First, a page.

The City of Marquette and the Marquette County Solid Waste Management Authority are about to change the way they collect recycling. As ABC 10’s Kevin Terpstra reports, officials believe the change will aid the city in collecting more revenue from the sale of its recycled materials.
When it comes to recycling, deciding on what’s good to go can be a little confusing. Beginning May 11th, however, the Marquette County Solid Waste Management Authority will aim to simplify its criteria for curbside pickup.
“Moving forward, we’re going to be asking them to separate that out into two streams, (as) we call it,” Marquette assistant city manager Kyle Whitney said. “One is fibers, which is corrugated cardboard, cardboard boxes, shoe boxes, paper; and then the other stream is rigids, and that’s plastics, that’s metals, glass.”
What material is picked up will alternate back and forth each week. Fibers will be picked up the first week the changes take effect, with rigids picked up the following week, and so on. If you’re recycling bottles or jars, it’s important that you remove the caps and lids. Otherwise, you’ve contaminated the object and it’s garbage.
“Pull the cap off; put them both in the recyclables,” Marquette County Solid Waste Management Authority director Rick Aho said. “We sell the metal, which is valuable and then the glass can be used as best we can.”
What you might be most interested to know is that the change in collection won’t cost you or the city any more money. In fact, it will save money and bring in more revenue in the long run.
“The more you recycle, the more content that you can divert from the landfill in one way or another, whether that is composted, whether it is recycled, that saves you money because it’s stuff that you’re not putting in a green bag, or in the paid bag that you have to use for the garbage collection,” Whitney said. “Those cost money, so anything that you can take out of those bags saves you as a resident.”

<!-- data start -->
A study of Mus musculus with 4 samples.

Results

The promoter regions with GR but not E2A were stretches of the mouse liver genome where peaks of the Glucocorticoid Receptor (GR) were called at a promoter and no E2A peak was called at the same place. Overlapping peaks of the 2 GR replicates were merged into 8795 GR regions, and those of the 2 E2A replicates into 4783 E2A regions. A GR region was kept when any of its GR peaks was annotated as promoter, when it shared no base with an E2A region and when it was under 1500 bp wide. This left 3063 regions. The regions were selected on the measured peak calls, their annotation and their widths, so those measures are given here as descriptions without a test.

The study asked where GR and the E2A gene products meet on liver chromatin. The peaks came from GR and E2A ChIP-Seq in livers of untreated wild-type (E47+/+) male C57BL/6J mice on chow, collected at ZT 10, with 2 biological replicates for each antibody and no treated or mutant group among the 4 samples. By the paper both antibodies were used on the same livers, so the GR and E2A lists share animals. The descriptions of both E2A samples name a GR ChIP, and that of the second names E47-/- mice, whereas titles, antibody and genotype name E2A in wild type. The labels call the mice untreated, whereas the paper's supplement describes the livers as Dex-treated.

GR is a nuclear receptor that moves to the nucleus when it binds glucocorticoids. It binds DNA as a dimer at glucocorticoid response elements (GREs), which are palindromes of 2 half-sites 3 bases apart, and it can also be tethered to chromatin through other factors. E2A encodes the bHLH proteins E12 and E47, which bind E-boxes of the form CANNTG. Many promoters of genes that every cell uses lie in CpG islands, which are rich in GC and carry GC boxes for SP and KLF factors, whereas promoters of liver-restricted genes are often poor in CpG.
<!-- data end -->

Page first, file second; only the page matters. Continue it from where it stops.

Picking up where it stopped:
“So when you look at it, if we can get a $20 profit for the material and we don’t put it in the landfill, that’s a $60 swing for our municipalities and that’s a huge economic change,” Aho said.
Separating recyclables by material allows for a better product once the materials have been crushed and re-purposed. The other major benefit of recycling is the obvious: keeping unnecessary garbage out of landfills. Just under 1,000 tons in recyclable material was collected last year, compared to 53,000 tons of garbage.
Not only does it cost money per ton to put garbage in the landfill, but many refuse items don’t decompose and sit around for years, even centuries.
“Instead of putting it in a landfill and babysitting it forever, sell it,” Aho said. “It becomes a revenue.”